This week, Instagram announced changes to its terms and conditions that mean from January 16th, 2013, they’ll be able to sell users' photos to companies to use in advertisements. Then, in an Internet minute, the company announced that this wouldn't be happening after all.
So that gratuitous selfie you took to show your new hairstyle? That night you were having such an incredible time with your friends at the club you took photos the whole time to capture how much of an incredible time you were having? Every single picture of food and your nail artthat you've taken, and the arty photo of your cat with a witty caption -- in the end, they all won't be used for commercial purposes.
But if the powers that be at Instagram had, in fact, been on a mission to aggressively monetize our content and data in the pursuit of profit, would that have been so surprising? Isn't that what businesses tend to do -- pursue profit?
Predictably, the proposed (then scrapped) policy changes caused an uproar. We’re the generation that likes to get outraged about things, tweet furiously about them and then forget about our pseudo-rage as soon as the next thing it’s trendy to be outraged about crops up. Plus, I think we were all secretly worried our picture hashtagged #Imsodrunk would end up part of a “Say No To Drugs, Say Yes To Spanx” campaign.
Perhaps it’s 2012 fatigue (I’m so over this year and all its accompanying madness), but I couldn't muster the will to be outraged about Instagram's policy change. Believe me, I’m trying. I’m a Politics grad, a pseudo-Socialist and could legitimately wear a training bra; women like me are hardwired toward being outraged.
Then again, I’m no longer a naïve net citizen. I think the shift came the first time Facebook changed their layout. We all complained and Facebook ignored us. It dawned on me that being an e-citizen of any social network that allows you to join for free comes with a single cost; you surrender all your rights on determining how they operate and treat you.
Social networks and apps with social elements are not direct democracies, nor are they compelled to operate like one. Twitter, Facebook, et al are aggressive, self-governed hegemonic powers, who rule from the top down. Like in a benevolent dictatorship, we work to their rules and they will do whatever they must do in pursuit of their aim. And their aim is dominance via acquiring profit. However, like most subjects of benevolent dictators, we only remember our complete lack of power when they choose to exert theirs.
The great thing is that unlike a real dictatorship, we can easily release ourselves from their control by deleting our account. It is that simple.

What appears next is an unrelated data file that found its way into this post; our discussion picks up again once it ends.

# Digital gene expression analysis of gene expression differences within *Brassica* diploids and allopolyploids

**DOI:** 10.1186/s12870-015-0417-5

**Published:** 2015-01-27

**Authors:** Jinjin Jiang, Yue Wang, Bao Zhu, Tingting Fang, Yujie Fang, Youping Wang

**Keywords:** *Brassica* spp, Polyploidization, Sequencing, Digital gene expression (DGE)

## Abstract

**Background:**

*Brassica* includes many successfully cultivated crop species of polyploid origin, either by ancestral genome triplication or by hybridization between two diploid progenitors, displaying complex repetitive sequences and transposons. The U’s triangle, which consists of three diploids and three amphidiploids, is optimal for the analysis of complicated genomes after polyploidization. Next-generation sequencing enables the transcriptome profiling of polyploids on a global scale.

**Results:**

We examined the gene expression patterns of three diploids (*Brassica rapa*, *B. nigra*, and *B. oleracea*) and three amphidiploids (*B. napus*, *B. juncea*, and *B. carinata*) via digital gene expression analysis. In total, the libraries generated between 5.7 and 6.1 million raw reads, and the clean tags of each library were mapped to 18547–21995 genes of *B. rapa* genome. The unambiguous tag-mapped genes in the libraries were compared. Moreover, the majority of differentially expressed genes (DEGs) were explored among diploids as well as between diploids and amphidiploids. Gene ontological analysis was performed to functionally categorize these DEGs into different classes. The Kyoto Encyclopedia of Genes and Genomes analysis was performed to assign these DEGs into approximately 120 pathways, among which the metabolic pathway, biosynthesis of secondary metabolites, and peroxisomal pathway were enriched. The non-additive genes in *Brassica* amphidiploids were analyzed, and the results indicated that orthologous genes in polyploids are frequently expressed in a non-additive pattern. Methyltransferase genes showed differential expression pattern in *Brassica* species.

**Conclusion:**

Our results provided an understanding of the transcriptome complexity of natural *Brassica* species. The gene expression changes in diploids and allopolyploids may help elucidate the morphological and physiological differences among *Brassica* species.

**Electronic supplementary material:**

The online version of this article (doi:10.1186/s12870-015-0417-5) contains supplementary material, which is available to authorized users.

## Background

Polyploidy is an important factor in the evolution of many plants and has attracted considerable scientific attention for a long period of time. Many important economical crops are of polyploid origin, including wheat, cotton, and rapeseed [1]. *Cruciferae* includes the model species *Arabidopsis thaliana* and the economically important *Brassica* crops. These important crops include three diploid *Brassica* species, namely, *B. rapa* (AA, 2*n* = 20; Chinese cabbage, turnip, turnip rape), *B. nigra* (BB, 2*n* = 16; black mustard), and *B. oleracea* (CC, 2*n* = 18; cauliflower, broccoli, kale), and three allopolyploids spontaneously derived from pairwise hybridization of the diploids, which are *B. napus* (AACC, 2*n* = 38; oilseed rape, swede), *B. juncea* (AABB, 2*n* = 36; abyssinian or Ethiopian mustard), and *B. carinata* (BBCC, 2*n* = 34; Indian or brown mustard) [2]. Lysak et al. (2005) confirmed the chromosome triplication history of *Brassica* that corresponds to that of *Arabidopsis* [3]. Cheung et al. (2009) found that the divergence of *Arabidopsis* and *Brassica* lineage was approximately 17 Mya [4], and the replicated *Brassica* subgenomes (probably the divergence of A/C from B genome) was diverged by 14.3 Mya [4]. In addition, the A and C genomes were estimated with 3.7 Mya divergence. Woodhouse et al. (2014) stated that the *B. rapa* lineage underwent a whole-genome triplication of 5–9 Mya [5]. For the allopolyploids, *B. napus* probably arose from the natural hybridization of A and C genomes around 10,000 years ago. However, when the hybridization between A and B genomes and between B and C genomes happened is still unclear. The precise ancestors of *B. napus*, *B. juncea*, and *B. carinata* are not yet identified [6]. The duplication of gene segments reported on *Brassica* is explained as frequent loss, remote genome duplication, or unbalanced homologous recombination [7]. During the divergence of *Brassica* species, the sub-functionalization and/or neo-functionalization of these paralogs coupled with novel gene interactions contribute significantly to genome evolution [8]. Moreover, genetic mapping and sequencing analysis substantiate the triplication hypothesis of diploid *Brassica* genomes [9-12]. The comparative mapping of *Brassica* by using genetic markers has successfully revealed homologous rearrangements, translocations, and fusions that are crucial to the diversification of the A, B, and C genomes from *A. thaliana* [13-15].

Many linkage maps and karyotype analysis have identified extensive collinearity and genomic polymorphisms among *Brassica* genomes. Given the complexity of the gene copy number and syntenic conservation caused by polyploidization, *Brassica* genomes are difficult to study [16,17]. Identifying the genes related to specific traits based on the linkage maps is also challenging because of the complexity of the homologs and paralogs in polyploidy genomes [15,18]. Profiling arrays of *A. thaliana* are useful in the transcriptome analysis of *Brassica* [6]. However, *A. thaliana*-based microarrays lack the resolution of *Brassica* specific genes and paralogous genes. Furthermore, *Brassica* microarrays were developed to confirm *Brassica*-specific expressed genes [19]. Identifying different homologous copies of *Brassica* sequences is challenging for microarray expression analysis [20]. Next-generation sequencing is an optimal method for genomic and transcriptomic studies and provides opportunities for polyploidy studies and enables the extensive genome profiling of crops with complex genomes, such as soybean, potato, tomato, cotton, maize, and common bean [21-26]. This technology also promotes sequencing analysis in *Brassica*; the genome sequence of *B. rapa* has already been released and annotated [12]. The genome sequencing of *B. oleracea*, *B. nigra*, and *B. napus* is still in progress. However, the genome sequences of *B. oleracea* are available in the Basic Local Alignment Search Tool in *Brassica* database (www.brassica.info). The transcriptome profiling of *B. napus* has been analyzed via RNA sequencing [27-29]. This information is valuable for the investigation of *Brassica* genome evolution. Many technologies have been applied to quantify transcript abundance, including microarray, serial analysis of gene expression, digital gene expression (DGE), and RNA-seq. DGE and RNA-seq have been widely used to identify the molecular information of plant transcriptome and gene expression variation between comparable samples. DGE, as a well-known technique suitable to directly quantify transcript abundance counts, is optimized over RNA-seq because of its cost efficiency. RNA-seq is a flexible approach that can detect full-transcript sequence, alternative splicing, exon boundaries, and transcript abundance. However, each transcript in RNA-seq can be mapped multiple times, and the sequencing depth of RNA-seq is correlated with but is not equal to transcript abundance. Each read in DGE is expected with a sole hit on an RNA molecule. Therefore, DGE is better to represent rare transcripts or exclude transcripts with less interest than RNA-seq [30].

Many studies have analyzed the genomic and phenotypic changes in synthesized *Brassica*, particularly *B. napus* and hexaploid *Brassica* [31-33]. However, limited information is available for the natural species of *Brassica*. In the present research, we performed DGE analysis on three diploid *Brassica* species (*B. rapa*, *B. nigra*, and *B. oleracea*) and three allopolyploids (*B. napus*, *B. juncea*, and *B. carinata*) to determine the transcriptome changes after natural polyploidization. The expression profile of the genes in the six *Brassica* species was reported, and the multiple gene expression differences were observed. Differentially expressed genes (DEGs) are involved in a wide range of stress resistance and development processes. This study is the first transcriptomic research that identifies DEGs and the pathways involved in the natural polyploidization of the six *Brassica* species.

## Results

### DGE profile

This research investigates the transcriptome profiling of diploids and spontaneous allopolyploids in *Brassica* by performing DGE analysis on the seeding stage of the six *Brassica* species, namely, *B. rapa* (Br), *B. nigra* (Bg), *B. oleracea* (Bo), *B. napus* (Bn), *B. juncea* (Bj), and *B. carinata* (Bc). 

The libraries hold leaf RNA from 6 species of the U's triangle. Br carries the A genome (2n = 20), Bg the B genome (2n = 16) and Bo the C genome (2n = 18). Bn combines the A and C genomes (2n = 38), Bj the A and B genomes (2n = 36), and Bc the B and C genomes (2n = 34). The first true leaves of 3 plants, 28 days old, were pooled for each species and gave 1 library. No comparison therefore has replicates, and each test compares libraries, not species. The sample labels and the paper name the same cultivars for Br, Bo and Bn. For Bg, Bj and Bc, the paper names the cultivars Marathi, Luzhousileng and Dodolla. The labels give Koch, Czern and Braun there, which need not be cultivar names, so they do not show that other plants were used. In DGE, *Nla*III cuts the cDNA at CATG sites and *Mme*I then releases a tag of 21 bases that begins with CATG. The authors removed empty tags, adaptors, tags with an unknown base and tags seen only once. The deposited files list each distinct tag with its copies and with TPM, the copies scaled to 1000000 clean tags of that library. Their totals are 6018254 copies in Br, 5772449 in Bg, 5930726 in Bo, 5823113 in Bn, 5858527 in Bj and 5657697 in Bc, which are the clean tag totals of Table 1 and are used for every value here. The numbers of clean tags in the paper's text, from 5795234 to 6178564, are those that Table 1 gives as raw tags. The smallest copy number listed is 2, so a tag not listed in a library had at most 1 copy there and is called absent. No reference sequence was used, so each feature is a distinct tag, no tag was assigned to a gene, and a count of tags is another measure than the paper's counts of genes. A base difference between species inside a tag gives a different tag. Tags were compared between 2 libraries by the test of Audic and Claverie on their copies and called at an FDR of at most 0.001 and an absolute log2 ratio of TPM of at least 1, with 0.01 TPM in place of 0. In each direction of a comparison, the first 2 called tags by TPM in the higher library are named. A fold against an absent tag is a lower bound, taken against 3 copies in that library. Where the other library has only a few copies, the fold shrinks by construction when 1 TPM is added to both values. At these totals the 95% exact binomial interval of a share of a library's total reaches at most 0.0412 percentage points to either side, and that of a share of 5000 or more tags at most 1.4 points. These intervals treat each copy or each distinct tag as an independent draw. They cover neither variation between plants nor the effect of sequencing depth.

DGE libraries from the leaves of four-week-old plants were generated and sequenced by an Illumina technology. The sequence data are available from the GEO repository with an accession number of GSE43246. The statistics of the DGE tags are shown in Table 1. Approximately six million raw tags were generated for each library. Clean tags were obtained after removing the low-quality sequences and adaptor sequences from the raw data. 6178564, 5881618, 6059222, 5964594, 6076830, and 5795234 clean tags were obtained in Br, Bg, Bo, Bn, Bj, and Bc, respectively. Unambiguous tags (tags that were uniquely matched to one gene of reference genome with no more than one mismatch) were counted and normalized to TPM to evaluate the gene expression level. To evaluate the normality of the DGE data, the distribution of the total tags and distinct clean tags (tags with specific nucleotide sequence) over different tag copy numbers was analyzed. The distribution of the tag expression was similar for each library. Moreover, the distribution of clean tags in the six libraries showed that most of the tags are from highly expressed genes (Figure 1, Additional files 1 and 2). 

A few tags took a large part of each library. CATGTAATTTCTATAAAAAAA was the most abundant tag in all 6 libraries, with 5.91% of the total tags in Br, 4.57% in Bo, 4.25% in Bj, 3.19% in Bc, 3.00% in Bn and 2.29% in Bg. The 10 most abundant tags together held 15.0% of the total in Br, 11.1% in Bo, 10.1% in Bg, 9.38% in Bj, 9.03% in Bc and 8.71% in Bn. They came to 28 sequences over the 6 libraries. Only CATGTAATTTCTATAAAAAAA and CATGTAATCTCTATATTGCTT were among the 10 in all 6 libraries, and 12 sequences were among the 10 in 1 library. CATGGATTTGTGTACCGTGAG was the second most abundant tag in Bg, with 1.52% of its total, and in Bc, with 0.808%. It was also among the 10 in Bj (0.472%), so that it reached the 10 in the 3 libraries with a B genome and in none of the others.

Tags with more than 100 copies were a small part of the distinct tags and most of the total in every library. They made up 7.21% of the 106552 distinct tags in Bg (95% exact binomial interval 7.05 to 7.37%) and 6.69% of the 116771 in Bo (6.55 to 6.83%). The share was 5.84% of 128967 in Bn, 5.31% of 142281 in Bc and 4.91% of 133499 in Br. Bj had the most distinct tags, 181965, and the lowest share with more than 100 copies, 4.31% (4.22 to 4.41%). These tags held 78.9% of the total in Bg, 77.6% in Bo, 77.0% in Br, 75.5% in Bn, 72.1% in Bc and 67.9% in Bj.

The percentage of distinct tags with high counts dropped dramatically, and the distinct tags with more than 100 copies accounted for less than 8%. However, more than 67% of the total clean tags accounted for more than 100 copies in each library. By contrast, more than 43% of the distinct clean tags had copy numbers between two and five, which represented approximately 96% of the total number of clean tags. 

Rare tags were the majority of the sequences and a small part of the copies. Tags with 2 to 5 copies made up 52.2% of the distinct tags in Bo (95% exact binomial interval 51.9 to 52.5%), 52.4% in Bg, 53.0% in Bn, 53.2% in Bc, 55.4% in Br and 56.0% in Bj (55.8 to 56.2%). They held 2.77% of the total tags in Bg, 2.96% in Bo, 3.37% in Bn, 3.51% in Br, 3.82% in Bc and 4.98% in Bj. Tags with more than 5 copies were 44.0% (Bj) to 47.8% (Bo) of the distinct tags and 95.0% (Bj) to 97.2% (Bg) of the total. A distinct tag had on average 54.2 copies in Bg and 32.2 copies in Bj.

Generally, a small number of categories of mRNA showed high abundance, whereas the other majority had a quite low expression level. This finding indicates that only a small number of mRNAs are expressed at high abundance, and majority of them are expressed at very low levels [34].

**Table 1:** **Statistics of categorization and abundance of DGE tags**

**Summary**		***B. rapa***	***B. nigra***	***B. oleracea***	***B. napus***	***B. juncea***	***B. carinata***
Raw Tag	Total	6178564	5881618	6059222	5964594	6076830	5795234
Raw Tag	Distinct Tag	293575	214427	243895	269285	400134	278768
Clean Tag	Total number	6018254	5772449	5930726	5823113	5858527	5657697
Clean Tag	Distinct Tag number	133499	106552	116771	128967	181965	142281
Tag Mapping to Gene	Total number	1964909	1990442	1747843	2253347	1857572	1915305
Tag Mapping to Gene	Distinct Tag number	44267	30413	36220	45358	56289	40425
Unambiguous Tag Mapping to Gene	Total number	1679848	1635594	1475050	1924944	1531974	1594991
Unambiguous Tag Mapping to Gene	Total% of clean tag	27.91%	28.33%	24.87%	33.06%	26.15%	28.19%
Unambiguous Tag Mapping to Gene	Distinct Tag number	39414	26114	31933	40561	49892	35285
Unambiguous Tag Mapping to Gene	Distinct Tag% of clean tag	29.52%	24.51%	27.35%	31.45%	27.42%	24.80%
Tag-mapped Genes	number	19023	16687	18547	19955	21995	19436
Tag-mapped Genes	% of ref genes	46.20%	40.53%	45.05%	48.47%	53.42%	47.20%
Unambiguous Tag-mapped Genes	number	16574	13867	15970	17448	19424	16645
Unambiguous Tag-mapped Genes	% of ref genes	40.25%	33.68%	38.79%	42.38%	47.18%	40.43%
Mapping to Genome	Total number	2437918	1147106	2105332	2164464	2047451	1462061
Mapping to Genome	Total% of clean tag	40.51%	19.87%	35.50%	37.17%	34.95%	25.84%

I know why I’m on Instagram. I like pictures of cake, shoes and inspiring quotes. I like that it allows me to upload pictures of cake, shoes and inspiring quotes. I can also e-stalk men I fancy and all the women who like their pictures. I get to do all of these things for free! Are we so entitled that we believe we have the right to dictate how someone should run a service we don't pay for?
I get that the Internet is a burgeoning sphere and we’re still in the phase of negotiating the e-social contract. Therefore we must question and probe policy changes made by influential web powers that could have harmful long-term ramifications.
Were Instagram’s proposed policy changes illegal? No. Were they ethical? Well, that’s contingent on the position of your ethical compass. However the capitalism system from which we reap the benefits wasn't built on ethics. This really shouldn’t come as a surprise.
You know why else I couldn't get outraged? Because I know deep down Instagram is terrible for our aggregate self-esteem. Let me stop projecting -- Instagram isn’t good for my self-esteem. Everyone else’s life looks better. Their food looks better. Their hair looks better. There’s that smug twit with the great skin who takes pictures and writes #nofilter (despite the whole point of Instagram being the bloody filters!)
The filters, validation via likes and comments, etc. -- I hate it. I hate that I smile when that asshole I used to date likes my pictures. I hate that I follow that asshole because I’m still curious. I hate that I wonder why one picture got more likes than another.
I love that Valencia makes my tits look better and Amaro is like digital blot powder. I love that if you sit on your head while drunk and squint while looking at a photo of me filtered using Hefe, I resemble Kerry Washington. I hate that my indecisiveness means I’ll probably never deal with my cognitive dissonance about an app I spend far too much time on.
I hate that I’m voluntarily using an app where, deep down, I believe many are using pretty pictures to hide ugly lives. However, like most, I’ll stay on Instagram until it becomes like MySpace and some other younger, trendier photo-sharing app comes along.